Those who list their properties on Airbnb may be used to being on lists of good – or even bad – hosts.
Airbnb is going to share your data with the Chinese government
But in China, they’re about to appear on a whole other kind of list.
Airbnb warned its hosts and guests in China that their information will be disclosed to Chinese government agencies without further notice, starting Friday.
“Like all businesses operating in China, Airbnb China must comply with local laws and regulations including privacy and information disclosure laws,” Airbnb wrote in an email to its hosts.
Many China watchers think it’s yet another compromise the San Francisco-based short-term rental service has had to make to keep its business growing in China, although some hosts said they understood the move.
“Happy to say I closed my @Airbnb account as of yesterday. Good riddance. Enjoy the extra dollars you will make from your China operations,” wrote Swedish rights activist Peter Dahlin, best known in China for his 2016 detention thanks to his work with a human rights NGO.
Some are more sympathetic. “Airbnb is a foreign company and they are doing this out of respect for us,” a Beijing-based Airbnb host told Inkstone anonymously. “The government knows everything, and few companies would inform us about handing in our information.”
Stringent Chinese residence rules require all Chinese hotels and guest houses to notify local police when they have foreign visitors. Foreign travelers who stay with friends or families, in theory, must register at local police stations within 24 hours of their arrival.
Under the radar
Airbnb was operating under the radar when it launched in China in 2014.
That is, until its business grew too big for the government to overlook.
In late 2016, the company announced that it would store its user data locally to comply with Chinese regulations, sparking concerns that the data may be compromised.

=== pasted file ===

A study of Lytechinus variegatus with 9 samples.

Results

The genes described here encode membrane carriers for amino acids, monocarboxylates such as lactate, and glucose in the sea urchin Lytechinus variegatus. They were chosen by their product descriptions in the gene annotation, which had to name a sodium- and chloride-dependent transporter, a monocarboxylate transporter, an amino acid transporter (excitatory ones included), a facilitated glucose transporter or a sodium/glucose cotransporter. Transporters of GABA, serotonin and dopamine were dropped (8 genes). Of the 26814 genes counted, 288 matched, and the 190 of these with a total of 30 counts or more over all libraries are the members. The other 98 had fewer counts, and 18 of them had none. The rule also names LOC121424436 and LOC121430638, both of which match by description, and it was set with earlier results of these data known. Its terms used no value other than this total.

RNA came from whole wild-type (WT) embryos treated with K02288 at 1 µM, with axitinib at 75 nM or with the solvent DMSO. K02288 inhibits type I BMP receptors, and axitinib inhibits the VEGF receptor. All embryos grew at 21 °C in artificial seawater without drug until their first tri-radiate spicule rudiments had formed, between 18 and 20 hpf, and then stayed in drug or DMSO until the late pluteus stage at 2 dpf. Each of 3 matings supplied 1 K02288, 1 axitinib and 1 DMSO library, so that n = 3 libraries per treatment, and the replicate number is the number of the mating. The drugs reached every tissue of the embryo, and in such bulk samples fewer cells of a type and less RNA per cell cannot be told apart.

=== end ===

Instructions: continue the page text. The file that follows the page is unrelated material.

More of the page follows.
A year later, a separate locally registered company with the Chinese name “Ai Bi Ying” was set up to run Airbnb’s business in China.
Just a few weeks ago, several home rental services in China, including Airbnb, suspended their listings in Beijing for a month, during the nation’s annual legislative meetings.
As Airbnb comes under fire for complying with Chinese regulations, its business in the country appears to be booming.
From 2014 to 2017, Airbnb’s China business grew by 100 times, while in 2017, the number of Chinese listings on the site doubled.
Many compare Airbnb to the ride-hailing app Uber, which tried but failed to crack the China market.
Faced with fierce competition from Chinese ride-hailing app Didi, Uber exited the country in 2016 after suffering mounting losses.
But unlike Uber, Airbnb booked its first ever full-year profit in China last year.
Airbnb faces its own competition, with several homegrown short-term rental companies copying its business model and even its website design.
There’s persistent talk that it has been trying to buy out Xiaozhu, one of its main competitors.
Although it may have lost customers who are concerned about privacy, Airbnb’s business stays robust, for now.